Supervisors to prioritize bridge, road work

Published 10:42 am Tuesday, February 2, 2016

Over the next few weeks, the Lincoln County Board of Supervisors will be working to decide which bridges and roads will be prioritized for state funds.

In a work session that took place Monday, county engineer Ryan Holmes said that this term, Lincoln County will received about $3.5 million in state aid revenue and $1.9 million from the Local System Bridge Replacement and Rehabilitation Program.

This money doesn’t include federal funding, but Holmes said the process for federal funding is more complicated.


That said, engineer Jeff Dungan said it’s important to have this process going at all times, using an $850,000 project at Mount Olive as an example.

“We have $3.5 million to work with, period. State aid money. The beauty of that is, of that $850,000, only $85,000 of that is coming out of your $3.5 million —  Dungan said. “That’s why we want to keep one of those projects going all the time — because it takes your money and makes it go 10 times as far. But we can only do one at the time. Until we get one going, we cannot do another one.”

There are other considerations for funding as well. The LSBP fund can only be allocated to eligible bridges: those that score a sufficiency rating under 50 during inspection. District 1 Supervisor Jerry Wilson noted that he had no qualifying bridges, though this does mean that no bridges have fallen under a 50 under Wilson’s supervision, according to Holmes.

“Unfortunately, as you very well know, there’s not enough money to do what needs to be done,” Dungan said. “There’s just not. It’s not even close. So we just have to start at the worst, and work our way until the money works out.”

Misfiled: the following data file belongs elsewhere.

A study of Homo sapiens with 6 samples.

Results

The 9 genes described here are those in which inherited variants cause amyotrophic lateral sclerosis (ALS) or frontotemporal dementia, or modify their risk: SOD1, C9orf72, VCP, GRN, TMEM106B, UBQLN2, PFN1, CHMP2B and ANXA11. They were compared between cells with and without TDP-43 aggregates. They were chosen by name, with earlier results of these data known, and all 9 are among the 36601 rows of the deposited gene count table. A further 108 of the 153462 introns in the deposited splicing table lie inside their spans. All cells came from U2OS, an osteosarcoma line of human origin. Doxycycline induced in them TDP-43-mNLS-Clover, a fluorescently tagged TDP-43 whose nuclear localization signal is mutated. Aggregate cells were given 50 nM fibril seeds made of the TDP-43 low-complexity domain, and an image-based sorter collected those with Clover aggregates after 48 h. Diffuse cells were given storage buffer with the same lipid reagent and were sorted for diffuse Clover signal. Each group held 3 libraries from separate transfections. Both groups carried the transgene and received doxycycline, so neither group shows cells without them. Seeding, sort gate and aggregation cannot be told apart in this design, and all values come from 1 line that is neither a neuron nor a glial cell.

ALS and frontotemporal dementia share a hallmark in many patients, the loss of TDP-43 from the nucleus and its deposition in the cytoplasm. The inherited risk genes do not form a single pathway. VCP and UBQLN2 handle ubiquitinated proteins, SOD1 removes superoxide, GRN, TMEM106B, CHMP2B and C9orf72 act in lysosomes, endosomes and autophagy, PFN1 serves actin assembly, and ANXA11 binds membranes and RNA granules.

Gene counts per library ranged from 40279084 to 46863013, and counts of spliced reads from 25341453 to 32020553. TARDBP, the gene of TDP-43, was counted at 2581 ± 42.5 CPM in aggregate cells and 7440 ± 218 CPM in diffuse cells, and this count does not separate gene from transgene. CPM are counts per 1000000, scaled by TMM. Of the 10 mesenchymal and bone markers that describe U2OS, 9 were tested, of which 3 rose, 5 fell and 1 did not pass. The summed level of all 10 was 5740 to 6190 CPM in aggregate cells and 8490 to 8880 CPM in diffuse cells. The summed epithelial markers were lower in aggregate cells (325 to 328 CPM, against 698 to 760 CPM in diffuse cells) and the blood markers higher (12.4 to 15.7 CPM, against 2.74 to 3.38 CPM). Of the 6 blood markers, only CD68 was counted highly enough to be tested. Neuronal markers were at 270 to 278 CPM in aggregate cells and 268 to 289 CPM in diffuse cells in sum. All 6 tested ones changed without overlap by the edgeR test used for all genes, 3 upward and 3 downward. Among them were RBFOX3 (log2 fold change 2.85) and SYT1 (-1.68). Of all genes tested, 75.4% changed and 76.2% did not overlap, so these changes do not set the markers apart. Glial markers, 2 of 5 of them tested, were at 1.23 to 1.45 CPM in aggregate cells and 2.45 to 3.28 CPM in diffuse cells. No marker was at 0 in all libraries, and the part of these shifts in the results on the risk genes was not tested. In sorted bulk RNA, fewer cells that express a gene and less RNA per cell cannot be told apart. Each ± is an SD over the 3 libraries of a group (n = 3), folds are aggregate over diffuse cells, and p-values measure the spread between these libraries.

“To put that in perspective, we’ve got about 350, 360 miles of state aid road in this county. I would go out on a limb and say probably every single mile needs something done to it,”  Dungan said. “If we had a big old pot of money we’d like to do something to every single mile. Now, there’s probably about a third of that that we really need to do something to, or we’re going to lose these roads. If we did surface treatment — if we sealed every state aid road in this county tomorrow, $14 million is going to be the total. It’s $40,000 a mile to seal a road. That doesn’t include if we had to do a bunch of major leveling or base reclamation or something like that. If you apply that $40,000 over 350 miles, the answer is $14 million.”

There are also currently 49 bridges in the LSBP system that have received a sufficiency rating under 50. In the list, there was a column for comments on the status of the bridge. Many are listed as “replaced with pipes.”

“A lot of these bridges, we’ve either replaced them with pipes temporarily, or you as a supervisor did some maintenance. I know Nola [Road] did some maintenance here recently on a couple. Every one of you have done maintenance. To me, those comments in there help us put into context which bridges may be more important. If you haven’t done anything to it, there’s probably a reason you haven’t: either it will cost too much or you need a new bridge. If it’s got pipes in it, and it’s working right now, we need move on down the list to another bridge” Holmes said.

“You guys — and we’ve said this before — look at how many of these have been replaced with temporary pipes that you guys have done with your own county nickel,” Dungan said. “That’s very, very good. It’s really kind of amazing. We leave them on the inventory because the pipes are not permanent. A lot of the pipes are undersized. Most of them are because you couldn’t afford a large enough pipe, but you put one it big enough to get by. And we can still go and replace those temporary pipes, but what you’ve done by doing that is you’ve made them safe.”

Safety is also a concern when determining which bridges should get priority.

“A concrete deck bridge with timber piling is the most dangerous type bridge that we deal with,” Dungan said. “Those are the ones that fail and drop. Usually they may drop a foot and leave an impact curve. That’s your worst nightmare as far as a bridge, those are the ones you have to really watch.”